By Jill Richardson
I’ve been seeing memes online advocating shaming people who aren’t wearing masks. Please don’t.
If you see someone in a store without a mask, talk to the store instead of bothering the customer. There are two reasons why.
First, your bigger problem isn’t the person – it’s the store. What are their procedures? Ask them and find out. If they aren’t doing enough to keep their customers safe, you may sensibly choose not to shop there.
Second, it’s true: The person with no mask may be an able-bodied person who has decided the rules don’t apply to them. But they also might be a disabled person who is doing their best. Harassing them about a mask they’re unable to wear is harmful.
I’m disabled. I can’t wear a mask. If you saw me in public, there’s a lot more to the story you wouldn’t have seen.
You wouldn’t have seen me staying home, alone, trying to avoid people so that when I do go into public without a mask, I’ve minimized the chance that I’ve got any germs to spread. You wouldn’t have seen me making every possible attempt to obtain what I needed online, at curbside, or by delivery.
You wouldn’t have seen the things I simply do without when I can’t get them that way. Did you know that stores that offer curbside pickup or delivery sometimes don’t offer it for every item?
You wouldn’t know I live alone and nobody else could run the errand for me. If I’m in that store, it’s because I couldn’t find a way to avoid it.
You wouldn’t have seen me call the store in advance, explain that I can’t wear a mask because of my disability, and ask what they wanted me to do. You probably didn’t know that I was following their procedures.
Maybe you didn’t notice how much I’m trying to avoid talking or opening my mouth while I’m in the store.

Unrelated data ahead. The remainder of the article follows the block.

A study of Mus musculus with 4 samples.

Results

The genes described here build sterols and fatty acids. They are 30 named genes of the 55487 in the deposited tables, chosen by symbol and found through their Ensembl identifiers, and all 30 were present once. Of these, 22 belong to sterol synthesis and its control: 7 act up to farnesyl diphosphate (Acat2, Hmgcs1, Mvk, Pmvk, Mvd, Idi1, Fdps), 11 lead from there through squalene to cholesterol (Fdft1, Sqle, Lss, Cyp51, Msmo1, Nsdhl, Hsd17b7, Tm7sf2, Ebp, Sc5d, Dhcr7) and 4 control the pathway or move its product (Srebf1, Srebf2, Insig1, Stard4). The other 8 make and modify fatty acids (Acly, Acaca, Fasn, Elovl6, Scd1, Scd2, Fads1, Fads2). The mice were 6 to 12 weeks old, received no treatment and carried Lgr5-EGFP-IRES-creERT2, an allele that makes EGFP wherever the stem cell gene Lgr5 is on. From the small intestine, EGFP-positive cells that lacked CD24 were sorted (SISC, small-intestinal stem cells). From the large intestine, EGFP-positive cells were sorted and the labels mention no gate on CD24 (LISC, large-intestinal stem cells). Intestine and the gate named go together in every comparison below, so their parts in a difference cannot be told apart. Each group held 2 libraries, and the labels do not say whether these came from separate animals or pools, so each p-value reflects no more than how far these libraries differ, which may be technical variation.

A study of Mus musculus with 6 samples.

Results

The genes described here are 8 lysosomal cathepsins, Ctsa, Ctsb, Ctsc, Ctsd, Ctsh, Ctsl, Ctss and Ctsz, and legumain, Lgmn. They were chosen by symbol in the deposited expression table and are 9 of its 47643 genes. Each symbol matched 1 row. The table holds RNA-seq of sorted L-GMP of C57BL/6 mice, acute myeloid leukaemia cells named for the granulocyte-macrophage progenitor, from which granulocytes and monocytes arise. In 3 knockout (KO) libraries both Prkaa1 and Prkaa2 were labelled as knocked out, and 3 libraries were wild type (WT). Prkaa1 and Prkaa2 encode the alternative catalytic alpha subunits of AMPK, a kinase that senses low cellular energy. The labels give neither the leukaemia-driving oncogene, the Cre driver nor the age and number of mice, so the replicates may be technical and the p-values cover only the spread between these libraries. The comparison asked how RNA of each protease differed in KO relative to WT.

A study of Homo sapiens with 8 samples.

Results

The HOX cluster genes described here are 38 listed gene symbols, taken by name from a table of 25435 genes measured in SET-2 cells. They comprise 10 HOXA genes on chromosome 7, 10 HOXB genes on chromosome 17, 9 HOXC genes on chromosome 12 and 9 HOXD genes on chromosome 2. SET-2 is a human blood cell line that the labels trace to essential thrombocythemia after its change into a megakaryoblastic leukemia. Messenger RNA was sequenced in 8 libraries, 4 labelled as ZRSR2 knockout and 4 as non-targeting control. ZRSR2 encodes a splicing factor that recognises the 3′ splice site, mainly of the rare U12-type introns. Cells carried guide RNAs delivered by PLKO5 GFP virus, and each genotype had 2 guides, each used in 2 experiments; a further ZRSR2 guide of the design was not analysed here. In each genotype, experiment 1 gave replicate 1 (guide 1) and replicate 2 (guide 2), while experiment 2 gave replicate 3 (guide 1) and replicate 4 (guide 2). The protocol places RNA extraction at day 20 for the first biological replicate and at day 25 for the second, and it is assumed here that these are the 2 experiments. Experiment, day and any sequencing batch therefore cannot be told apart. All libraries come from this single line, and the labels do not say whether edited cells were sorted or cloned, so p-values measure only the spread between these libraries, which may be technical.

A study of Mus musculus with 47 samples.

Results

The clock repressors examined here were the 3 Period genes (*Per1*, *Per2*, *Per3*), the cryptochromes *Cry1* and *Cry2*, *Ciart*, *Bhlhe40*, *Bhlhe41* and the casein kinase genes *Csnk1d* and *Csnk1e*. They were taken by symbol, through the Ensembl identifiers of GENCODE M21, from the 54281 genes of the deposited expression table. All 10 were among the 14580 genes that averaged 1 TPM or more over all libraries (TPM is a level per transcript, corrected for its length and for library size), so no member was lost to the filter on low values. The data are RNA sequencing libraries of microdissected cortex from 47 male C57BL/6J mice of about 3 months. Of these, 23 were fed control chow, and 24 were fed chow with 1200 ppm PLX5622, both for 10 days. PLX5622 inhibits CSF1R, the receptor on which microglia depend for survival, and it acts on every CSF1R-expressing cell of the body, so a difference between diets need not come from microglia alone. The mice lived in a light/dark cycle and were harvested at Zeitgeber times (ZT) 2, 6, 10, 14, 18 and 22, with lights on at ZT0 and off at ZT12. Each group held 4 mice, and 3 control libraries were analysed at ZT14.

You don’t know how bad I feel every time I have to ask for accommodations just to exist in public spaces. I feel like I’m cheating by asking to play by different rules than everyone else.
You don’t know about the decades I spent going to doctors, getting misdiagnosed, and never getting the treatment I needed. Or the years I spent asking for disability accommodations at work and school or from friends, only for them to treat me like I’m just doing it to inconvenience them.
Between asking for an accommodation and just going home, I’d rather go home. But sometimes there’s stuff I just need to go out and buy.
Having a disability is painful enough without also trying to convince other people you’re telling the truth about it. I know when I go out now that people are looking at me and judging me. They assume I don’t believe in science or I don’t care about their health, and neither is true.
If you can wear a mask, you should. And if you’re spreading fact-free, anti-mask propaganda, you should stop. But please, before you challenge or shame someone who isn’t wearing a mask, consider that they might be disabled. If you’re in a store, talk to someone who works there instead.
Your safety is important. But there’s a more compassionate way to stay safe than bullying a disabled person.
Jill Richardson is the author of “Recipe for America: Why Our Food System Is Broken and What We Can Do to Fix It.” She is a columnist for OtherWords.org.